Innovative Sustainability And Human Rights In The Seafood Industry
Published on Mar 5 2015 4:07 PM in Features
During the past year, we have seen significant growth in seafood innovation, including improvements in food security, traceability and sustainability.
In wild fisheries, we have seen more implementation of technical advances (satellite vessel monitoring systems, electronic logbooks) and general procedures in the control of illegal, unreported and unregulated (IUU) fishing.
Some coastal states and their fleets have not only been warned but also penalised, with embargoes on their fishery products for illegal fishing violations. Technology and willingness, coming together, have resulted in practical effectiveness. Regulations and laws with real teeth, such as the European Council’s IUU Regulation (EC) 1005/2008, have demonstrated that where there is a will there is a way – that international law against illegal, unsustainable practices does work, and it works where it hurts: the pocketbook of corporations and governments that do not take environmental and human rights violations seriously.
This year, right now, we are to celebrate the 'Year of Sustainability', as proclaimed by UN Secretary-General Ban Ki-Moon. Others echo this sentiment, proclaiming that this will be a year of hyper-transparency in business and sustainable development. In light of these positive advances, it is now time to also consider what may have been left undone.
Last year’s ugliest responsibility issue has been the human-rights violations taking place in organised supply chains throughout the world. In terms of our seafood industry (and this may be the tip of the iceberg when considering entire food supply chains worldwide), we have seen serious claims of human trafficking, slave labour, forced labour, and abusive working conditions (as reported by The Guardian in relation to Thai shrimp workers and seamen, and The Independent, with respect to UK fishing-fleet violations).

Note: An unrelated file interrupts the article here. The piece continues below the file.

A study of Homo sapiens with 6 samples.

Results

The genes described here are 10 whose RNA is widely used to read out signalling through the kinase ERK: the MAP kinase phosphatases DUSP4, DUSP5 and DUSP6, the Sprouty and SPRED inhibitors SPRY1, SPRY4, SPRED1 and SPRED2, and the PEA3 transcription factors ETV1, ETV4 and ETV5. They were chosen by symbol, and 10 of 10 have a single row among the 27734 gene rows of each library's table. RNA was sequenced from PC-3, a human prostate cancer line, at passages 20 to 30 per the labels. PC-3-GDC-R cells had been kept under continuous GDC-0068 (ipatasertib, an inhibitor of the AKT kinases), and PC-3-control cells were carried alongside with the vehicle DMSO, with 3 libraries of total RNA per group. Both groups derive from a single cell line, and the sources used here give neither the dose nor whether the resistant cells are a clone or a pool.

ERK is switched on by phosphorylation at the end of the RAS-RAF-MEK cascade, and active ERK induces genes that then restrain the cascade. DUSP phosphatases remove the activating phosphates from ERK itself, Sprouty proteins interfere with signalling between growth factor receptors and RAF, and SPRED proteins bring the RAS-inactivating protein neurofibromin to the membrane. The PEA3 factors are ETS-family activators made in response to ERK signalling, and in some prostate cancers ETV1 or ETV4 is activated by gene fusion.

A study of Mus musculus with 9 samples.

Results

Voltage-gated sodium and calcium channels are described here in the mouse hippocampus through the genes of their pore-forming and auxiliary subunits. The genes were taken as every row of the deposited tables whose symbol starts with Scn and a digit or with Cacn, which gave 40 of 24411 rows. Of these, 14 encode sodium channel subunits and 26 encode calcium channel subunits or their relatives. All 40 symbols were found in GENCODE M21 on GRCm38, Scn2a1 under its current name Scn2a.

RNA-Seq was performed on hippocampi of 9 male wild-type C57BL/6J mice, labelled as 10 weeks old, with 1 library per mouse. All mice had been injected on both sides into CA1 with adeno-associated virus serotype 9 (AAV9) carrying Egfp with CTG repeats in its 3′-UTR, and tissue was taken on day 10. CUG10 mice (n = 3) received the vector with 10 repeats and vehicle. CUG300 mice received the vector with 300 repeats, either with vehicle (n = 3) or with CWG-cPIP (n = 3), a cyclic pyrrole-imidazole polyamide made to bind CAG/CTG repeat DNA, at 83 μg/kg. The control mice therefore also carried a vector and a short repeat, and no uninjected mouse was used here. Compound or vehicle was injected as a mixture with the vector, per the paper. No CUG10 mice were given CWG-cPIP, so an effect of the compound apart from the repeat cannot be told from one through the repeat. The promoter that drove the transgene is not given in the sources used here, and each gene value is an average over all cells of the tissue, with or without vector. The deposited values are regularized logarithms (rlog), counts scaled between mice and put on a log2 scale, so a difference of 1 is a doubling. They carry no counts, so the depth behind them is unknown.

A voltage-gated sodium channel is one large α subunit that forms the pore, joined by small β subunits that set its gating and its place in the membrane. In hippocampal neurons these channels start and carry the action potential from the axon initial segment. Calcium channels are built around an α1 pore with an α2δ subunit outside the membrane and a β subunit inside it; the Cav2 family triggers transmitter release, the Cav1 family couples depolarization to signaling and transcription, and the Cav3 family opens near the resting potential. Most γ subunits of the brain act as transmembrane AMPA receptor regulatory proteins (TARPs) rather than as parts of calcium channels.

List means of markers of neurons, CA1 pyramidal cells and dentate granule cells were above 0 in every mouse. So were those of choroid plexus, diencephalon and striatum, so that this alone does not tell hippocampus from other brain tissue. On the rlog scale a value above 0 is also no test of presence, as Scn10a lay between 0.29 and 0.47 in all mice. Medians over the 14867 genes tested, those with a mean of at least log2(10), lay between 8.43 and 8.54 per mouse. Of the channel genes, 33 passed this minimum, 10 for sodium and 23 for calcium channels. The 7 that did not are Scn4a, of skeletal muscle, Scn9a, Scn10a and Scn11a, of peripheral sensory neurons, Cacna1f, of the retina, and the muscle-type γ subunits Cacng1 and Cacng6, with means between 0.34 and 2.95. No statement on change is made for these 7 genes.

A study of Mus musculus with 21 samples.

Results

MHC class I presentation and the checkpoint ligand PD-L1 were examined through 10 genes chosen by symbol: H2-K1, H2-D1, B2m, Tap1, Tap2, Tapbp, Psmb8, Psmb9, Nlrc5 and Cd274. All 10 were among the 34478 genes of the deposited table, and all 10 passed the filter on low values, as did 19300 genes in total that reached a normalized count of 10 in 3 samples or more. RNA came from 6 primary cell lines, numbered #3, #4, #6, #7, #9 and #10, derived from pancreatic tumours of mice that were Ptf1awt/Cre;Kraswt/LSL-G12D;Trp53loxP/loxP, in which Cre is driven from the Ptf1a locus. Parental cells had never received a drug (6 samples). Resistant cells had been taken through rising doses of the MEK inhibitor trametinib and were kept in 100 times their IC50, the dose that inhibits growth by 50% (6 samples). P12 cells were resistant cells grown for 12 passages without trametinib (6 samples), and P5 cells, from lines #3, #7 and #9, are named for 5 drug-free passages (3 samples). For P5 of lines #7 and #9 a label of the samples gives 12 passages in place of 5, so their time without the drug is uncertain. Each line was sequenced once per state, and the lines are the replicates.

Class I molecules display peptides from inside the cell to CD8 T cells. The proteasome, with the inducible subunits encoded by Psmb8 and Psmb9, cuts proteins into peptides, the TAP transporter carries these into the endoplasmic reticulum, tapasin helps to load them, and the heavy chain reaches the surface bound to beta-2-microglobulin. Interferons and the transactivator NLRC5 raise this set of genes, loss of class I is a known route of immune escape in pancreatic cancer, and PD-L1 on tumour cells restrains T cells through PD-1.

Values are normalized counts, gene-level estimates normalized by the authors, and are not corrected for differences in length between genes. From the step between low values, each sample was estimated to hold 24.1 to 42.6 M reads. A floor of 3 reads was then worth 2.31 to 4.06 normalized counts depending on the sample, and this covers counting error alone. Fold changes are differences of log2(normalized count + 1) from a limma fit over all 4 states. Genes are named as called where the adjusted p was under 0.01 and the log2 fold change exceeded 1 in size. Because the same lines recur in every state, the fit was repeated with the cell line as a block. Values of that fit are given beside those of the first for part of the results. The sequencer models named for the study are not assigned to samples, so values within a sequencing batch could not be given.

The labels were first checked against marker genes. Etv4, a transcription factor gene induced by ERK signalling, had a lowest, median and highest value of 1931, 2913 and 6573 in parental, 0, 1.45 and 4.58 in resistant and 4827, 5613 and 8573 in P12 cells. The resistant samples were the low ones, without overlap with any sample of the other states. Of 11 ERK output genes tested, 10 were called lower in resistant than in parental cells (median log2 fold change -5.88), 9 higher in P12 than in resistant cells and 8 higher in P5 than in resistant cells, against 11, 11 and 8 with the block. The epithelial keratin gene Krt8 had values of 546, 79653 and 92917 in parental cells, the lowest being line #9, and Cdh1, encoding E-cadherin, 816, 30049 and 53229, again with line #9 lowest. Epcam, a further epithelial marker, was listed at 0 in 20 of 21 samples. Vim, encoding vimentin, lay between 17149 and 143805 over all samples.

Early on, we learned that in developing our CSR & Sustainability policies at Lumar (we were fishermen before anything else), we would not want to support any vessel, any fleet, any boat owner that mistreats seamen, the crew at sea, the workers on land. And though it sounds cynical, I have heard from many fishermen that sometimes it feels like “some people care more about environmental issues than they do about us people”.
I think I know what they mean – and though not to be taken literally – it is not without some foundation. If we look at most sustainability schemes from a purely technical viewpoint, they will concentrate on the health of stocks, maximum sustainable yields, responsible fishing practices, quotas and licences, but not on how crew are treated onboard or how workers are treated in processing plants. A true sustainability scheme or certification should and must, at some point, address these issues that later come as unpleasant surprises to the general public.
To keep silent on this issue is to validate wrongdoing. Luckily, there are many who have already begun to take the right steps.
Recently, over 40 NGOs, in a well-organised effort, blasted the Thai government’s attempt to utilise prisoners as forced labour in fishing vessels and in the fishing industry. Reasonably, Thailand recanted immediately – that was a poor, miscalculated idea, to say the least. As it concerns our seafood industry, the message from these NGOs was clear.
Major Western retailers are unlikely to want to purchase products sourced or made with prison labour, and can be expected to order their purchasing agents to avoid any products from boats tainted by this prison work programme. Negative publicity may taint the entire fishing industry further, beyond those vessels with prisoners working on board [International Labor Rights Forum, 14 January 2015].
These cases demonstrate that we still have some homework to do. This is the year for it. We have to revise our sourcing policies, improve our audits and expect just a bit more from those from whom we source. Let’s make this the 'Year of Innovative Sustainability', a year to remember in human-rights advances and equality. Let’s make innovation and sustainability more than mere catchwords. Let’s make the human factor an integral part of our responsible sourcing.
Author Alberto Romero is the director of sustainable sourcing at Lumar Seafood International (www.lumarseafood.com).